Release Date: January 01, 1970
Genre: Historical drama
Rating: Not rated
Runtime: 117 minutes
Distributor: Kino International
Director: Volker Schlondorrf
Producer: Ingrid Windisch
The story then skips ahead to 1940 in France, where Abel has become an auto mechanic. Abel reports he now has a mistress, and there are a couple scenes of her in her underwear in his apartment, including a brief shot of them during and after intercourse. On the other hand, however, Abel befriends the children around his shop, taking their photos and joking with them. He befriends a little girl and gives her two rides back to her house after school. After one of the rides, however, he hears her scream for help. He goes to check out what happened and finds the girl lying on some rubble and crying, "He hurt me." He tries to comfort her, but the police arrive and think he was the one who attacked her. A judge sentences him to the Army because France needs soldiers to fight Nazi Germany.
The movie then jumps to Abel in uniform. While he is helping to serve a fancy dinner in the open air to his ineffectual commander, the Nazis arrive and take them all prisoner. While chasing a pheasant during work detail one day, he slips into the woods and finds a small isolated cabin. Falling asleep, he wakes up to see a strange, funny sight - there's a large moose opening the cabin door! Abel pets and feeds the moose. He narrates that he often returned to the cabin to feed the moose and pretend to be a Canadian trapper.
One day at the cabin, a Nazi soldier catches him there, but is amused by Abel and hires him to be a servant at the nearby hunting lodge of the infamous Goering, a disturbed maniac. Eventually, Abel becomes a servant at a Nazi military academy in a German castle, where he is put in charge of rounding up boys in the countryside to become part of the Hitler Youth Movement. Although the parents in the town call him "The Ogre," he has a genuine affection for the boys in the academy. As the Russian troops move in for the kill, Abel discovers a delirious boy in prison garb, a Jewish refugee who was part of a forced death march from one of the concentration camps. Realizing the truth about the war, Abel must decide whom will he serve: the dying Nazi regime or the children he loves.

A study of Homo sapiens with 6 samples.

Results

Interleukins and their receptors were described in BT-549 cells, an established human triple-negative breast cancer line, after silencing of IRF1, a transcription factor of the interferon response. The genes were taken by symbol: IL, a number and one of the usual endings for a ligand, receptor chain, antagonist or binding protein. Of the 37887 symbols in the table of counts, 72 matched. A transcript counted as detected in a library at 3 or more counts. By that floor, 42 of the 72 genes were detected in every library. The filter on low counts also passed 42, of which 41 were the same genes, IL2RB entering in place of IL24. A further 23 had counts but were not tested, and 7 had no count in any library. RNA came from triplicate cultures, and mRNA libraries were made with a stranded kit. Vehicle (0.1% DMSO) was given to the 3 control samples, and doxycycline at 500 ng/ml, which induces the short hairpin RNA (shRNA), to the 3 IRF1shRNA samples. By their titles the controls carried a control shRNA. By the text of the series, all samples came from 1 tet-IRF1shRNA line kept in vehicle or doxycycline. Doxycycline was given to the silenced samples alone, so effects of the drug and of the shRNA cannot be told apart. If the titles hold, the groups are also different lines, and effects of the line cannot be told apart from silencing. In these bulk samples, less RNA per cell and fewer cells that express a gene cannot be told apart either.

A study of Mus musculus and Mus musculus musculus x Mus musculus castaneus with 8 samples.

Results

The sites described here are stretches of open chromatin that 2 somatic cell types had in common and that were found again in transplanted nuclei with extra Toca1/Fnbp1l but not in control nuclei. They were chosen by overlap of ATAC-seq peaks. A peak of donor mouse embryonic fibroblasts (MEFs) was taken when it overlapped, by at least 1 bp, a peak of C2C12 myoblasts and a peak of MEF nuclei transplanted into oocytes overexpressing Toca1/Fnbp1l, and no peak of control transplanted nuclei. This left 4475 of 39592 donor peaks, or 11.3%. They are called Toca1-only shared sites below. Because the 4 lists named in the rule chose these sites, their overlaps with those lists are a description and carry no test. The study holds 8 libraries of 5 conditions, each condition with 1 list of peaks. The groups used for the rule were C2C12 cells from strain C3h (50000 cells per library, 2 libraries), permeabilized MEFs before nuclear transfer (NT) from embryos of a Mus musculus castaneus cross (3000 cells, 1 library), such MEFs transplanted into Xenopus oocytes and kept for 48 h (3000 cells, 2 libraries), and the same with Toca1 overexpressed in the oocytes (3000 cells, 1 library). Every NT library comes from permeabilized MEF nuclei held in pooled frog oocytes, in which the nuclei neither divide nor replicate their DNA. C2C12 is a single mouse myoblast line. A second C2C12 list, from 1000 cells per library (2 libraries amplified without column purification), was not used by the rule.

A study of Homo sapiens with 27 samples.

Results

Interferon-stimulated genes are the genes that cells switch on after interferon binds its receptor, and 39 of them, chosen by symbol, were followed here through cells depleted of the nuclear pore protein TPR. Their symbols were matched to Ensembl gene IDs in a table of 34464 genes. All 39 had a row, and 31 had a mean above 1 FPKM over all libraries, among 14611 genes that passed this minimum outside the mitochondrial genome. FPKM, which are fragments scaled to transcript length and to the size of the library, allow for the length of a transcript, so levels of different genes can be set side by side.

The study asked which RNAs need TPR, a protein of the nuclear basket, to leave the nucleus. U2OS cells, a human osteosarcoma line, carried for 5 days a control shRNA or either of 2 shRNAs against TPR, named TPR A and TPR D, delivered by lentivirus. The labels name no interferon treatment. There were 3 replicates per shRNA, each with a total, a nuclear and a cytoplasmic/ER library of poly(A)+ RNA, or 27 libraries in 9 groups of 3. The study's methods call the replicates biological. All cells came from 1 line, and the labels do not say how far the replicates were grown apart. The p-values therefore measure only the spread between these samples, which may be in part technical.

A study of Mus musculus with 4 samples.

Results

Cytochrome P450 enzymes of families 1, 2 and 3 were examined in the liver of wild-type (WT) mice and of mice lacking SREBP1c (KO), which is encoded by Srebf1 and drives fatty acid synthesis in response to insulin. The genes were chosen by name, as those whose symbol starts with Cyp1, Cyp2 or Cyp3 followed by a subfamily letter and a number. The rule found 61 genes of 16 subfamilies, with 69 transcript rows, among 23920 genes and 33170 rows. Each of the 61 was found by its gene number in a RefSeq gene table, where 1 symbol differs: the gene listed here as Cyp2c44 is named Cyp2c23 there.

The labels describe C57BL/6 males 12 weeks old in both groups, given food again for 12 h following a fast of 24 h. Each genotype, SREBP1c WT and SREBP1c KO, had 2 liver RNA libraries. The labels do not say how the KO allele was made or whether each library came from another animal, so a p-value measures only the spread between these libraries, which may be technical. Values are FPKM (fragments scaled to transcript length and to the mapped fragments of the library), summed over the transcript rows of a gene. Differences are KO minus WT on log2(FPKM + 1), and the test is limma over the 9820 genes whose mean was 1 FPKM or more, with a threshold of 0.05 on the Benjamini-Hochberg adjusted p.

Wonderfully shot and acted, THE OGRE is the first excellent movie to be released in the United States in 1999. It has only a few minor moral problems. Although there is no foul language (only a scene with some minor bathroom humor and some gross references to animal dung), the beginning of the movie does have two brief scenes of Abel's relationship with an unmarried woman. Also, the Roman Catholic clergy in Abel's school are shown to be slightly cruel, and Abel's spiritual life there is mostly nonexistent. Finally, although Abel eventually rebukes Nazi ideology, beginning to repent and find a glimmer of redemption, the early scenes at the hunting lodge and at the Hitler Youth academy may seem quite attractive to impressionable minds, especially young ones.
THE OGRE's bittersweet ending is an emotional roller-coaster filled with visual treats that may haunt the memory of many who see it, including moral people looking for a good story about the wages of sin and one man's need for redemption. Hopefully, this movie will receive a better venue than a small art house release, so that more people can see it on a big screen in all its glory.